Chairperson: Lieutenant Colonel David D. Bingham, Professor of Military Science
Assistant Professors: Dr. A. Westfield; CPT C. Colliton, MAJ S. Smiley, CPT D. Ashe; Master Sergeant Morris; Sergeant First Class Evans
The Military Science program at Gonzaga University is an element of the United States Army Reserve Officers’ Training Corps (ROTC). This highly decorated and nationally recognized program is a cooperative effort between the U.S. Army, Gonzaga University, and Whitworth University. It provides training and qualification for leadership positions in the Regular Army, the U.S. Army Reserve, or the Army National Guard. Qualified students earn a commission as an Army Second Lieutenant while achieving a college degree in the academic discipline(s) of their choosing. Cadets incur no obligation during their first two years of ROTC and are not members of the U.S. Army (unless they are ROTC scholarship winners). Lower-division courses are open to all Gonzaga students.
The objectives of the program are to prepare academically and physically qualified scholar/athlete/leaders for the challenge of serving as commissioned officers in the world’s best Army. To that end, the program strives to build leaders of character and competence to serve their country and community.
Description of the Program
The program meets the country’s requirement for officer-leaders in the Army (active duty, National Guard, and Reserves). It is, therefore, multifaceted, with distinctive sub-elements to meet individual needs and requirements. For example, ROTC is traditionally a four-year program, but individuals with prior service, members of Reserve or National Guard units, participants of JROTC in high school and summer Leader’s Training Course (LTC) participants may receive advanced-placement credit and may complete the program in two years. Students enroll in one military science class, leadership laboratory and the military physical fitness course per semester. The program consists of two phases: the basic course (lower division), normally taken during the freshman and sophomore years or completed through advanced-placement credit, and the advanced course (upper division).
First-year and second-year courses, MILS 101, MILS 102, MILS 201, and MILS 202 are designed for beginning students who want to qualify for entry into the advanced course and for those students who may want to try military science without obligations. In addition to their academic requirements, basic-course cadets may participate in a variety of extracurricular activities. Placement credit for the basic course may be granted to students who have completed initial entry training for the armed forces, three years of Junior ROTC in high school or the ROTC Leaders’ Training Course. MILS 101 and MILS 102 concentrate on fundamental skills, concepts, values, and problem solving and provide an overview of how the military fits into society. MILS 201 and MILS 202 more thoroughly address problem solving, critical thinking, communications, conflict-resolution skills and leadership.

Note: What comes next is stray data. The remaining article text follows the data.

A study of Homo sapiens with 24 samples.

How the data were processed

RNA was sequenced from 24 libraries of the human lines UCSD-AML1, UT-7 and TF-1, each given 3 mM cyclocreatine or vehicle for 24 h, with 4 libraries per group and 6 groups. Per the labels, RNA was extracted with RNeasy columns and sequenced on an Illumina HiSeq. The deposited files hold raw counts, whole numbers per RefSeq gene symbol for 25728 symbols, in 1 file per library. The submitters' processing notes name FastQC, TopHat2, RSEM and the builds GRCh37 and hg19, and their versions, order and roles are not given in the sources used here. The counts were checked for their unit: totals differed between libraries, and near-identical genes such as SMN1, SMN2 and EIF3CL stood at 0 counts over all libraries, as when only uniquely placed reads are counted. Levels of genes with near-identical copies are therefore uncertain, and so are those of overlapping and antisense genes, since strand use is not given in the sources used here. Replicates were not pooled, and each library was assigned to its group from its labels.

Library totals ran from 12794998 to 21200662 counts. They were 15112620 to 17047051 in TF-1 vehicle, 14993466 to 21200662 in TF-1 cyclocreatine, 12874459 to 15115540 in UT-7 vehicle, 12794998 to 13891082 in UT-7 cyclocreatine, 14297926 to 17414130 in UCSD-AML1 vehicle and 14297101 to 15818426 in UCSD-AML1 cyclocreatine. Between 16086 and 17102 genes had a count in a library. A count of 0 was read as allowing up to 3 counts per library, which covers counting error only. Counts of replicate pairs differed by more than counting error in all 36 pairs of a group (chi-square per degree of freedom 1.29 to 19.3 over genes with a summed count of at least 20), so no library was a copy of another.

The advanced course consists of MILS 301, MILS 302, MILS 401, and MILS 402. It is open only to students who have completed the basic course or earned placement credit (see above). Students must also enroll in leadership labs (MILS 301L, MILS 302L, MILS 401L, or MILS 402L) and Military Physical Fitness (MILS 303, MILS 304, MILS 403, or MILS 404). Students also attend the four-week ROTC Leadership Development and Assessment Course (LDAC) during the summer between their junior and senior years. In addition to their academic requirements, advanced-course cadets provide student leadership for the Gonzaga Bulldog Battalion.
Completion of the basic course, advanced course, and LDAC, coupled with a bachelor’s degree from the college, qualify the cadet for a commission as a Second Lieutenant in the United States Army.
Advanced-course students receive a subsistence allowance. Junior cadets receive $450 a month for up to ten months and senior cadets receive $500 a month for ten months. Freshman and sophomore cadets who are on scholarship and contracted will receive $300 and $350 a month, respectively, for ten months each year.
Scholarships: Freshman-level and sophomore-level students may compete for Army ROTC campus-based scholarships. These scholarships are applied to tuition and fees plus an allowance for books. A student need not be enrolled in ROTC to be eligible to compete for two-year or three-year scholarships. No commitment is made until a scholarship is accepted, the student meets all administrative and physical criteria, and the oath for contracting is administered. Highschool seniors interested in applying for a four-year scholarship normally submit applications by January 1st of their senior year.
Fees, Uniforms, and ROTC Texts:
A lab fee is the only fee associated with participation in the ROTC program. Uniforms, text, and other equipment are furnished without charge. Students are responsible for and must return all government property issued to them.
Color Guard: The Gonzaga University Color Guard participates in a variety of school and civic functions where precision drill or presentation of the U.S. flag is appropriate.
Intramural Sports: The ROTC program sponsors teams that participate in flag football, volleyball, basketball, softball and other sports of the Gonzaga University intramural leagues. The program sponsors special event teams at both Gonzaga and Whitworth and sponsors cadet intramural teams as coordinated by the Gonzaga cadets with the professor of Military Science.
Special Qualification Training: Advanced-course and select basic-course cadets may participate in confidence-building courses such as Air Assault School, Airborne School, Northern Warfare Training Center, and Cadet Troop Leadership Training at locations around the world.